Wash your hands. Be neat and wipe the seat. Remember to flush. All things we've seen on signs in restrooms in commercial buildings. But really, if the message didn't sink in when you were a toddler, is a sign going to help?
Recently I was in discussion with an FM who was facing a problematic pee-er at her new facility. After many years in the industry, she was stumped on how to best address this new challenge. I assured her that she is not alone. It's shocking what people will do to a public restroom. But in a facility where you work day in and out, one would think there would be more care taken.
So, outside of toilet stalls that self-clean after ever visit, what is the best solution to problematic bathroom behaviors? Here are some ideas from my experience. Please add your own suggestions.
Problem: Tenants seem to be eating the toilet paper. Can never keep it stocked.
Solution: High-capacity rolls, multi rolls, and sensors on dispensers to alert to low levels.
Problem: Aiming issues.
Solution: For urinals, a decal on the target area seems to help users aim.
Problem: Not flushing.
Solution: Automated flush valves, though these need to be properly calibrated to avoid wasting water with multiple flushes.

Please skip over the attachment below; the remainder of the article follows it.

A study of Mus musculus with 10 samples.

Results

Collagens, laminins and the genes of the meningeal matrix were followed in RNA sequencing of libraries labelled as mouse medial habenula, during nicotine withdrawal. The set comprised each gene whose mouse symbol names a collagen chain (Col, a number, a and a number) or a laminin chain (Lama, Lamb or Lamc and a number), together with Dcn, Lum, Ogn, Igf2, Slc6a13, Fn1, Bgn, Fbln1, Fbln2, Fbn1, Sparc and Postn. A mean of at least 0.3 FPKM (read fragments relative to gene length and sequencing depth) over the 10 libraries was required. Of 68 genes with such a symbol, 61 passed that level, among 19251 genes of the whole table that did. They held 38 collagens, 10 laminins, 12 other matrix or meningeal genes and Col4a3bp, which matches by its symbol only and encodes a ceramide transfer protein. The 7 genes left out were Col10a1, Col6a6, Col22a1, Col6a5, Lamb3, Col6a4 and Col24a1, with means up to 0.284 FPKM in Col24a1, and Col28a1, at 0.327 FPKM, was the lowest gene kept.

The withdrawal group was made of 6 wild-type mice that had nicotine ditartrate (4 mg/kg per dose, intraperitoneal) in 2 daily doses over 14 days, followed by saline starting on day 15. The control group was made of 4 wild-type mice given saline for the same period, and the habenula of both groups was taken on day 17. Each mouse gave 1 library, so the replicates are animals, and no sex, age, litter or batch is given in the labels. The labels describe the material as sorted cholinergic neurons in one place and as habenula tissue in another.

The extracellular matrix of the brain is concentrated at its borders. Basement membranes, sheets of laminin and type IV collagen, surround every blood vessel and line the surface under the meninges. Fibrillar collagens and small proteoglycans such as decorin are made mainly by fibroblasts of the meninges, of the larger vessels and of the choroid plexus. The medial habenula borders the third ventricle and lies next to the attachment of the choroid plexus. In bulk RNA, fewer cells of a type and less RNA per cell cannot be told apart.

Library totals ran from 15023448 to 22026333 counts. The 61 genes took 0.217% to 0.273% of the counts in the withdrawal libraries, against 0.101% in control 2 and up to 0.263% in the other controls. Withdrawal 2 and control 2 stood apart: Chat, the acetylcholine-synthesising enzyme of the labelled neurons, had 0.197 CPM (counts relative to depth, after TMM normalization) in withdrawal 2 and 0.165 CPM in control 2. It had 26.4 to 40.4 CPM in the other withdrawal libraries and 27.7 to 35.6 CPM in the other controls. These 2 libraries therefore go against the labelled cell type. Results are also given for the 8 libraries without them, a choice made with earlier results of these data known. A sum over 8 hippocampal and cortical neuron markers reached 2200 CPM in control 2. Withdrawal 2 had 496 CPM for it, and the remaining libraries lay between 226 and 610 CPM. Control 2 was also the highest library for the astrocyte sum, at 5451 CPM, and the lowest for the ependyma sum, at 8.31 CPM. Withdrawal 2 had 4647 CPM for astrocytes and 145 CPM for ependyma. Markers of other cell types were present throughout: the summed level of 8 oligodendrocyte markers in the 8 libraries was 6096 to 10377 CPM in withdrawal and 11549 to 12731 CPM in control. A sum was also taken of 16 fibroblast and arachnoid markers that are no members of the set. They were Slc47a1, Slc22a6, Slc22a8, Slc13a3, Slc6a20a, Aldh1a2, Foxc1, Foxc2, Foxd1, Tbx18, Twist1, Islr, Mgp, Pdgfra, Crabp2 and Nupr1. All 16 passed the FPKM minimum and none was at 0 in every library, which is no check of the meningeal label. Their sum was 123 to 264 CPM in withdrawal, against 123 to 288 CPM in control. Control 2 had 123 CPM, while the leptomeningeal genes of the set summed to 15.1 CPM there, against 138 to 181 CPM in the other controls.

Problem: Not washing hands.
Solution: This solution is not good for a general population but for critical hand washing situations (healthcare, food preparation) smart chip devices on bracelets exist that will not grant access to a certain zone unless the chip registers a visit to a handwashing station first.
There are a lot of other restroom problems for which I do not have a solution, and the human capacity to be gross in restrooms is never ending. It is also a very sensitive problem to address. Facility managers can't stake out a restroom and shame adults who should know better into better bathroom habits. For one, HR will not be happy. For two, that would take up a lot of resources.
So what's an FM to do? Share your experiences and solutions in the comments below.